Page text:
Why do hungry kangaroos appear in Indian forests?

Kangaroos never existed in India. And yet, in forests located in the far east of the country, it is now possible to come face to face with these marsupials. They are hungry and frightened kangaroos, smuggled in from neighboring countries for the purpose of being sold as exotic pets.

This phenomenon has been pointed out in India since the appearance of videos that have gone viral on social networks. Each time, we see kangaroos in a critical state of health, desperately looking for food in front of amazed inhabitants, who often have never heard of these funny animals.

At the beginning of April, three of these marsupials were, for example, rescued by wildlife officers in West Bengal. Completely dehydrated, one of them did not survive.

According to the New York Times, this species is the latest victim of the whims of wealthy residents of New Delhi, Mumbai, and other major Indian cities where many are willing to pay a fortune to own an exotic pet. Raised in Southeast Asia, kangaroos, which sometimes end up in the wild, are smuggled into the country overland for sale. An increasing trend, favored by completely outdated legislation.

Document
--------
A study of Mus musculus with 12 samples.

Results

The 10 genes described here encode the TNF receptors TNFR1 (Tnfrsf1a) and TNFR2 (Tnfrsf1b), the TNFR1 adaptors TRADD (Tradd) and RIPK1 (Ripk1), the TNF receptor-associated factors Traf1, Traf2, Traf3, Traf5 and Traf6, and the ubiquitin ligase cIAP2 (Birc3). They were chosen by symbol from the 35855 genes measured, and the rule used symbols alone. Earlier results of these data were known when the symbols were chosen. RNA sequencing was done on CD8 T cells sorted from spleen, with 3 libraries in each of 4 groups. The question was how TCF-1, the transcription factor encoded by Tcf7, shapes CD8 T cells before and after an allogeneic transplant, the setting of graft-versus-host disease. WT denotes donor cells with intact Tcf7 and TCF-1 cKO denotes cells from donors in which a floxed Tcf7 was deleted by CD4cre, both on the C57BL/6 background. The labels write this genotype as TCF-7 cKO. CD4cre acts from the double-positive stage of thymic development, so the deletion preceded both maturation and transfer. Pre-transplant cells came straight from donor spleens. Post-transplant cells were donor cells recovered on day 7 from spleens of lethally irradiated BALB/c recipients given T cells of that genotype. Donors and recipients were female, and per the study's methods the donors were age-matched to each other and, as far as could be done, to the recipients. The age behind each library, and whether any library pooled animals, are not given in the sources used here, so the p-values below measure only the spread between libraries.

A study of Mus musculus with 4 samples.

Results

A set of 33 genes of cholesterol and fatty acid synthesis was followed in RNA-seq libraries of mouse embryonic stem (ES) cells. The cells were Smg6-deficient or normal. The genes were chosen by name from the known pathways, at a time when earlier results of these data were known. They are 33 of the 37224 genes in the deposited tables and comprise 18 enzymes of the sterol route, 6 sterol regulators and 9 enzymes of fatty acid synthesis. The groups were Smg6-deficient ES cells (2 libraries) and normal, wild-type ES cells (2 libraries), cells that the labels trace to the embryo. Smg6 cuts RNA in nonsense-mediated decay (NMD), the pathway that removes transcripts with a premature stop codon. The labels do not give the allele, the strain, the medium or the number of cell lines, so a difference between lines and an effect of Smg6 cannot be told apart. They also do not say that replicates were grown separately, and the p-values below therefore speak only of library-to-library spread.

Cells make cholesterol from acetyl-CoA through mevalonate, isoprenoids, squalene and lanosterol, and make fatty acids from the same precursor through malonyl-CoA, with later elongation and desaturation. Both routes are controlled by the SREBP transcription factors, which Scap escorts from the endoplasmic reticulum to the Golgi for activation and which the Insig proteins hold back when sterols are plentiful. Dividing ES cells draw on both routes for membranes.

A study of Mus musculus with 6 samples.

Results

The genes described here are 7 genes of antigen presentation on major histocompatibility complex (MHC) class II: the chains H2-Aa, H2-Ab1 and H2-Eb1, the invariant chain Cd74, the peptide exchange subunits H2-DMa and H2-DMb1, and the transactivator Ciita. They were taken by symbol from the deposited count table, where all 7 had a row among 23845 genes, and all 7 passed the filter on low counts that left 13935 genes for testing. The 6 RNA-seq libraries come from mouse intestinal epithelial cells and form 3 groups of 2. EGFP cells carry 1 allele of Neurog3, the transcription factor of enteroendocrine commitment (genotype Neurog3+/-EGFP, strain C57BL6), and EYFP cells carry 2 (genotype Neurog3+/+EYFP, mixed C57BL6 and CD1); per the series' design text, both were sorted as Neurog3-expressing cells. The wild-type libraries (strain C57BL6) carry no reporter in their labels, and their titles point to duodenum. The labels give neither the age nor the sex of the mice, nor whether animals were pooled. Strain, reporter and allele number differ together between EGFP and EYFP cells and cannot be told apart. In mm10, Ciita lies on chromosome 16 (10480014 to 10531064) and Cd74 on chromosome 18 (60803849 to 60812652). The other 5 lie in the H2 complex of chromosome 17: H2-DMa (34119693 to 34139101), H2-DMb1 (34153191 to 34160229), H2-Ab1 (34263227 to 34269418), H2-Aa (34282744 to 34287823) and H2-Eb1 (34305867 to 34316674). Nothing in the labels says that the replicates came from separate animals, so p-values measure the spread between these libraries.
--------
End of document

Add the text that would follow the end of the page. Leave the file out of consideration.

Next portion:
A legislative problem

In view of the legislative largesse, smuggling is therefore going well. Every year, thousands of non-indigenous species such as falcons, chimpanzees or Aldabra giant tortoises are introduced into the country. Often, they will end up as pets of wealthy owners. The country does not have laws allowing the prosecution of persons in possession of exotic species, such as that of the kangaroo. Only the act of smuggling in is punishable. Thus, if the smuggler manages to successfully introduce the animal into the territory, he and the buyer have little chance of being arrested.